Insomnia is a popular term that most of us are familiar with. It’s a condition in which someone has trouble sleeping for a long period of time. People with insomnia can’t sleep even though they have tried multiple methods to induce sleep. Many then experience daytime sleepiness because they failed to rest at night. There are a few risk factors for insomnia. Gender plays a role as research suggests that this condition more likely affects the female population. Insomnia may also be a symptom of another psychiatric condition.

Impact of insomnia on life

Insomnia can adversely affect someone’s life. Not getting enough sleep would eventually manifest in extreme drowsiness, restlessness, memory impairment, and many others. Many sufferers find that this condition is manageable. However, others think it’s unbearable. They try their best to get rid of the problem by taking medications and even increasing the dosage when the initial dosage no longer works. This could be dangerous because drugs used to treat this chronic condition are usually strong.

Insomnia and Depression

Relationship between insomnia and depression

Suffering from depression can cause someone to develop insomnia. This could be related to the orexin (a neurotransmitter) which increases at night. The outcome is the brain will be stimulated and keep the person alert. In such a condition, it will be hard to fall asleep.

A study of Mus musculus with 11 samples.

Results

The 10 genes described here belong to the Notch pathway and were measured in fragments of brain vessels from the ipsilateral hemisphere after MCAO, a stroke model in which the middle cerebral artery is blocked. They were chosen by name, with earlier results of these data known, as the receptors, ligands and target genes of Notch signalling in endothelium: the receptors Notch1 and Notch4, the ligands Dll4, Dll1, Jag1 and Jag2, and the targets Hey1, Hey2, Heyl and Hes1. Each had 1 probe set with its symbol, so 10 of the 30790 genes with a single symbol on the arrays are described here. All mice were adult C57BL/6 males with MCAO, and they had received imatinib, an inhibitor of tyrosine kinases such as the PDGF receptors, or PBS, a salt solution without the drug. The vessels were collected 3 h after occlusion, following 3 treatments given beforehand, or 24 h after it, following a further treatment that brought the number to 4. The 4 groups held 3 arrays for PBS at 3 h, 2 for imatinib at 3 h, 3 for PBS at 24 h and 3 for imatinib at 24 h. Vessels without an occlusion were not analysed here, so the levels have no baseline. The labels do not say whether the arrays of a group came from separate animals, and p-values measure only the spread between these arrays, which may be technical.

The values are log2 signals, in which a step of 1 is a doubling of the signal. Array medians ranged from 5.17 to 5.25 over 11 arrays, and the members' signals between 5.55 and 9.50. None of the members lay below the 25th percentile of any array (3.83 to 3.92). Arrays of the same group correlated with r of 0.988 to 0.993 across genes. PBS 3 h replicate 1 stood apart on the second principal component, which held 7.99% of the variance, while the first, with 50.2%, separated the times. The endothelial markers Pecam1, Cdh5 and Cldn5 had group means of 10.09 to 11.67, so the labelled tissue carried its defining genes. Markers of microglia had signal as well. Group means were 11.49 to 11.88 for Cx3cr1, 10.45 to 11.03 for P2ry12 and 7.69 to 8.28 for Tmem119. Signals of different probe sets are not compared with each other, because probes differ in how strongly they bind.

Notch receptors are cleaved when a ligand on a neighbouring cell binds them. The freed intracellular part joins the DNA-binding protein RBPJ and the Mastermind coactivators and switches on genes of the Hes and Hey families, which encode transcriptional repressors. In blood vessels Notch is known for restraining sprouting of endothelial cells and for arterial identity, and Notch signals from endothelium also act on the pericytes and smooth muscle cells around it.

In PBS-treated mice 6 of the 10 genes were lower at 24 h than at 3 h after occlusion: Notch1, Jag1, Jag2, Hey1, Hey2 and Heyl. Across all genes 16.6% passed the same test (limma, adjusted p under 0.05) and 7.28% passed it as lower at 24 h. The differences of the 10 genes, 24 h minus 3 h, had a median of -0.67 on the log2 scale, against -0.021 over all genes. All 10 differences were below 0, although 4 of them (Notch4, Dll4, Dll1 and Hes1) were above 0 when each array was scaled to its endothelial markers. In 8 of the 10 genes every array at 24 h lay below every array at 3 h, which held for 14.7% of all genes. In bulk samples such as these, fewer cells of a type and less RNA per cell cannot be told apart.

Another possible cause is the concentration of melatonin. This is an essential part of our sleep wake cycle. In people with depressive tendencies, melatonin may work differently. This chemical is potentially causing the patient to be anxious than usual. Instead of feeling drowsy, he might feel the opposite.

Insomnia as the cause

Insomnia as a symptom of depression can be quite understood, but as a precursor, many would find it intriguing. There have been surveys to identify insomnia as the cause of this mood disorder. In one of those, some participants reportedly had already suffered from insomnia before they were diagnosed with depression. The likelihood of someone developing a mood disorder would also increase when his/her insomnia persists for a long time.

Treatments for insomnia and depression

Insomnia and depression although related are very different and should be approached differently. However, the following tips might work for you. First, you should be more active throughout the day. Daytime is the time when the body requires exercise because it is accustomed to being active in that period. If you sleep a lot in the afternoon, chances are you will have trouble sleeping at night. This has the same effect on normal people, too.

Next, learn to put your worries to rest. Having too many things going on in your head might be the reason of your reluctance to sleep. Do something like meditation or relaxation to get rid of them. This will hopefully make you more prepared to sleep.